QR code life hacks

A QR code for this website.

So you’ve noticed them all over; these little patterns that can be scanned by your phone and take you to a website. QR codes have been around for a while now, and are easy ways for marketers to get users to view information on a smartphone. Adobe InDesign now has a QR code creator built right into it, or you can go to free QR code creation websites to make your own. Apps to scan them on your smartphone are free as well.

I won’t tell you all of the pros and cons of these little barcodes; you have probably already seen them used effectively (or poorly) in marketing campaigns. However, I will list a few neat ways you can incorporate QR codes into your daily lives outside of marketing and advertising, to become more productive, help others, and maybe remove some stress from your world as well. So here goes:

1. Directions to events.
ZooWhen directing people to your house, a party, a meeting, etc. you can create a QR code that references a Google Map or other GPS site. Wanna find the zoo? Scan this QR code with your phone, and it will get you there. Say it’s your wedding reception, or a place people have never been before? Instant map on phone, and no worries.

2. Link to standard operating procedures and owners manuals for equipment at work or at home.
Having instructions or more information available to anyone regarding a piece of equipment can be quite beneficial — but where did that dang instruction sheet go to change the laminate roll? Enter a QR code on the side of the machine, linking to a text doc with all of the instructions for replacing the roll right there at your fingertips. No worries, less down time.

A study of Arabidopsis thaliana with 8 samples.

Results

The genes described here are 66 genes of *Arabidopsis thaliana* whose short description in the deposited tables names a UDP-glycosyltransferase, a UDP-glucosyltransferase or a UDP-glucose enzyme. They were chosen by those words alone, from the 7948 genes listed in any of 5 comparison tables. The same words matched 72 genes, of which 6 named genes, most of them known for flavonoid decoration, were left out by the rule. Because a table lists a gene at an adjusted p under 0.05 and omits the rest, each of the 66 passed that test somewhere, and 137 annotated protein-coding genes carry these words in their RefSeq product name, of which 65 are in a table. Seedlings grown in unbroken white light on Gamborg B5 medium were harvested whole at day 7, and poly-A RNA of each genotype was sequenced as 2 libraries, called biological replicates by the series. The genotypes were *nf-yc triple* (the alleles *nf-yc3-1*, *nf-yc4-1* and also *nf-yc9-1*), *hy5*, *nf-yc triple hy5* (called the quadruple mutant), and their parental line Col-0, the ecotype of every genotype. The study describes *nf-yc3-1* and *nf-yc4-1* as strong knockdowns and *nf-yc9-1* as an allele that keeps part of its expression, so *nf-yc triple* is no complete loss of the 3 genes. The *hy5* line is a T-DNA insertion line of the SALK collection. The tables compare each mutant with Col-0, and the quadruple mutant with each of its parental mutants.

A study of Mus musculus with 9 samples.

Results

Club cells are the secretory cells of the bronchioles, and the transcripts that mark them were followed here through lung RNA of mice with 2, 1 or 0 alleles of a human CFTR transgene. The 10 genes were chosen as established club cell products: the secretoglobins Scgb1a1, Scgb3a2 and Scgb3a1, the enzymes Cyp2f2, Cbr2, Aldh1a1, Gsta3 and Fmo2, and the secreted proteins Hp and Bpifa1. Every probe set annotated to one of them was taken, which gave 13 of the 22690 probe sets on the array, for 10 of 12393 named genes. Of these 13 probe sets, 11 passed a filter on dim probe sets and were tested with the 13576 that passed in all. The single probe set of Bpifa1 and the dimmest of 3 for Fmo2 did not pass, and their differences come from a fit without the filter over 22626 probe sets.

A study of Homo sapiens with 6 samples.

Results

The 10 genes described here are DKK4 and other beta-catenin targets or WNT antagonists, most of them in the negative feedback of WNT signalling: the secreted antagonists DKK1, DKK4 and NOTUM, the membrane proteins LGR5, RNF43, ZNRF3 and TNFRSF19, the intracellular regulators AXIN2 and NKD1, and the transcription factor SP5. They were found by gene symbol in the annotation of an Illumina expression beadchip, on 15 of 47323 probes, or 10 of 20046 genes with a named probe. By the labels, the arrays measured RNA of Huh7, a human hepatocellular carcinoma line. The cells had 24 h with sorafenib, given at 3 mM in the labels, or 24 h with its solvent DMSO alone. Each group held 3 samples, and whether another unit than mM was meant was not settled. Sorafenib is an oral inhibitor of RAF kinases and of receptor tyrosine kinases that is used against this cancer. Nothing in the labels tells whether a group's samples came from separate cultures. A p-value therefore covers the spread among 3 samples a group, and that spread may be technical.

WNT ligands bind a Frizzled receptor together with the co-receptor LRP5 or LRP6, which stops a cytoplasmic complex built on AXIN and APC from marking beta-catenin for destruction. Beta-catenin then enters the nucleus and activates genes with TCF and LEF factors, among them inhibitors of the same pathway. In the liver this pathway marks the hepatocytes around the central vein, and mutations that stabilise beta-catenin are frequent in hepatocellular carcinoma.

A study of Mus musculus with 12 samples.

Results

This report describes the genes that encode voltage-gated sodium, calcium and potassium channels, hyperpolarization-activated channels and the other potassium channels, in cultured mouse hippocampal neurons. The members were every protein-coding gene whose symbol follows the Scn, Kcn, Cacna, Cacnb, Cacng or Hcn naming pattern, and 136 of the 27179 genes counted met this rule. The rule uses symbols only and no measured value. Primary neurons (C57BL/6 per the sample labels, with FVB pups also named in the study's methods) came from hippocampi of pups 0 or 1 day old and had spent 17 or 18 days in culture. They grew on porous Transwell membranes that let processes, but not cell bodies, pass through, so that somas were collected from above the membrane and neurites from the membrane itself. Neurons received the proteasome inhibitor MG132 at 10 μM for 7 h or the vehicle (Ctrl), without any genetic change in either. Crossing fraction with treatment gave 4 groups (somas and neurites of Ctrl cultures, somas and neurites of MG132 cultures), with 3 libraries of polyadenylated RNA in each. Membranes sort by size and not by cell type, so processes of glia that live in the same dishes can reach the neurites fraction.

3. Document and ID your stuff.

Make a database with all of your valuable items (computers, electronics, Flying Button paraphernalia) and save it. Then create individual QR codes for each of your items on small stickers, with the name and model #, serial # if it has one, and YOUR contact information. Adhere them to your items in inconspicuous places. If things disappear, let authorities know to look for these and to scan them if they locate one.

A code to ID my flux capacitor.

Or say you are packing to move… list contents of a box in a document and slap a QR code on the box. Then six months later when you are looking for something that is still packed away, you can walk around your storage area scanning box codes until you encounter it.

Using these codes can make your life easier, can add details to invites or business cards that otherwise had no room to fit, and can enhance your communication level with your audience. I have shown you a few ways they can also help you stay organized and keep track of your belongings more efficiently too.